Apr 24, 2020 - Technology

Intel shares fall on guidance uncertainty amid coronavirus crisis

Ina Fried, author of Login

Photo: Justin Sullivan/Getty Images

Intel reported strong quarterly earnings Thursday, but its shares fell in after-hours trading amid concerns around its near-term outlook.

Why it matters: Investors are trying to figure out what to expect from the tech sector as the impact of the coronavirus and related shutdowns works its way through the economy. Some parts of the tech sector would appear to still be seeing strong demand amid the shift to remote work and e-commerce.

Details: Intel’s Q1 revenue and earnings per share were ahead of estimates, and its Q2 revenue forecast was slightly above prior expectations. But its profit outlook for the current quarter was weaker than expected and the chip giant declined to offer a full-year forecast.

Between the lines: Intel has also benefited some from supply chain disruptions.

  • In what was shaping up to be a very tough competitive battle with rival AMD, Intel had been struggling to meet demand for PC processors.
  • PC components and manufacturing slowed in Q1 as the coronavirus swept through China, and that gave Intel a bit more breathing room.
  • Also, with everyone working remotely, corporate customers now have an incentive to maintain or upgrade their largely Intel-based systems rather than pick now to shift toward a rival architecture.

Meanwhile: Intel investors were also digesting a fresh Bloomberg report that Apple has developed multiple in-house chips that could power future Macs, supplanting Intel chips.

Yes, but: Apple's planned shift to use its A-series processors for future Macs has been long reported, with earlier expectations the transition could have begun as early as this year. So, Intel may get more Apple business over the next 12 months than might have been expected.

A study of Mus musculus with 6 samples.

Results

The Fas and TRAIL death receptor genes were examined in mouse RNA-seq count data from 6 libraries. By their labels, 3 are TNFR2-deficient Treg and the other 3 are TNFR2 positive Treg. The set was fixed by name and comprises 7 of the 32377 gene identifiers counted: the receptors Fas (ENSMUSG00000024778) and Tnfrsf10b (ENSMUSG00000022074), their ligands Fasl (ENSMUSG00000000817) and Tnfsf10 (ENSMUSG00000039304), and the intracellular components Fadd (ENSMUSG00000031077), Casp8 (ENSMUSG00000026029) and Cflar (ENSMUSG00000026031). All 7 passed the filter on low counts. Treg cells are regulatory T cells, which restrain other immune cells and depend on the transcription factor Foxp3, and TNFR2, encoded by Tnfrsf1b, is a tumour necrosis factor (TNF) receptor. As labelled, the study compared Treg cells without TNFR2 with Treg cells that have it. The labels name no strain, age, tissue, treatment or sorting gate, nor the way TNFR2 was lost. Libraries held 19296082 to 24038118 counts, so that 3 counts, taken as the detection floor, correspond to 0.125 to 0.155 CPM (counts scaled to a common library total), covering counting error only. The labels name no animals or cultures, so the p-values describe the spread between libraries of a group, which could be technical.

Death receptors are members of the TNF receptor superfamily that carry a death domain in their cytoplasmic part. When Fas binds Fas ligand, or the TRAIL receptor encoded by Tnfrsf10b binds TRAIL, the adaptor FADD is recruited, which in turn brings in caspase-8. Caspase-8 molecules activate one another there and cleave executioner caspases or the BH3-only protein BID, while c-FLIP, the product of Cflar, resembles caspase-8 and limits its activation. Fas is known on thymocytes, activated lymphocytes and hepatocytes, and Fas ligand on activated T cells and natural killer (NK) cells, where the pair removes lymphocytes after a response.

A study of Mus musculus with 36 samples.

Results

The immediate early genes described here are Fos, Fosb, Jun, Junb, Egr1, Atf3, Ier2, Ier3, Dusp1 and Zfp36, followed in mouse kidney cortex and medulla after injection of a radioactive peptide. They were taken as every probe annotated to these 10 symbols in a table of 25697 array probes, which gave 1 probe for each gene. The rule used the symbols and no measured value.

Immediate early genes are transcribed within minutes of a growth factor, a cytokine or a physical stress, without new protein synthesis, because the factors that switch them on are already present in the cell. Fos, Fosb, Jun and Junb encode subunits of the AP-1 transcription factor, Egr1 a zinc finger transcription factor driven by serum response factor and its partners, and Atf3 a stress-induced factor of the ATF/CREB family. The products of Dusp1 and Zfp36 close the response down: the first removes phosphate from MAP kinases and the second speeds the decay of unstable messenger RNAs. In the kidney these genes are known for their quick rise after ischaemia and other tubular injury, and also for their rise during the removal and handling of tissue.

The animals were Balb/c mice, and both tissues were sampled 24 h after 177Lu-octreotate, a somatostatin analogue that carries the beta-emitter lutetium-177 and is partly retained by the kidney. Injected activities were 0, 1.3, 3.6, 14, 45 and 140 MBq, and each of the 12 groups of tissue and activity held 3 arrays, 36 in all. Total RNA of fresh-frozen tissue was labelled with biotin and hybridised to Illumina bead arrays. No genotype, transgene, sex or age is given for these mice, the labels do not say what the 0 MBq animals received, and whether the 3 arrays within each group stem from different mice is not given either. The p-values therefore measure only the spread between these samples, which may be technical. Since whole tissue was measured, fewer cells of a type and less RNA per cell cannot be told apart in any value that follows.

Go deeper: Intel drops AI products from Nervana

Go deeper

Trump's week of viral quicksand

Data: NewsWhip; Chart: Andrew Witherspoon/Axios

Stories about President Trump's photo op at St. John's church after peaceful protesters were forcefully cleared from the area averaged the most online attention of any issue about the president this week.

Why it matters: Trump's force-over-compassion approach to the demonstrators protesting the murder of George Floyd had Republican allies backpedaling to keep a distance — and led to a wave of condemnations that got plenty of online traction on their own.

Biden formally secures Democratic presidential nomination

Joe Biden speaks at Delaware State University's student cente on June 5. Photo: Jim Watson/AFP via Getty Images

Former Vice President Joe Biden became the formal Democratic presidential nominee on Friday evening, per AP.

The big picture: Biden has been the presumptive frontrunner to take on President Trump since Sen. Bernie Sanders suspended his campaign in early April.

Updated 11 hours ago - Politics & Policy

Coronavirus dashboard

Illustration: Sarah Grillo/Axios

  1. Global: Total confirmed cases as of 9 p.m. ET: 6,724.516 — Total deaths: 394,018 — Total recoveries — 2,996,832Map.
  2. U.S.: Total confirmed cases as of 9 p.m. ET: 1,894,753 — Total deaths: 109,042 — Total recoveries: 491,706 — Total tested: 19,231,444Map.
  3. Public health: WHCA president says White House violated social-distancing guidelines to make reporters "a prop" — Jailing practices contribute to spread.
  4. Sports: How coronavirus could reshuffle the sports calendar.
  5. Jobs: Better-than-expected jobs report boosts stock market.
  6. Media: The Athletic lays off 8% of staff, implements company-wide pay cut.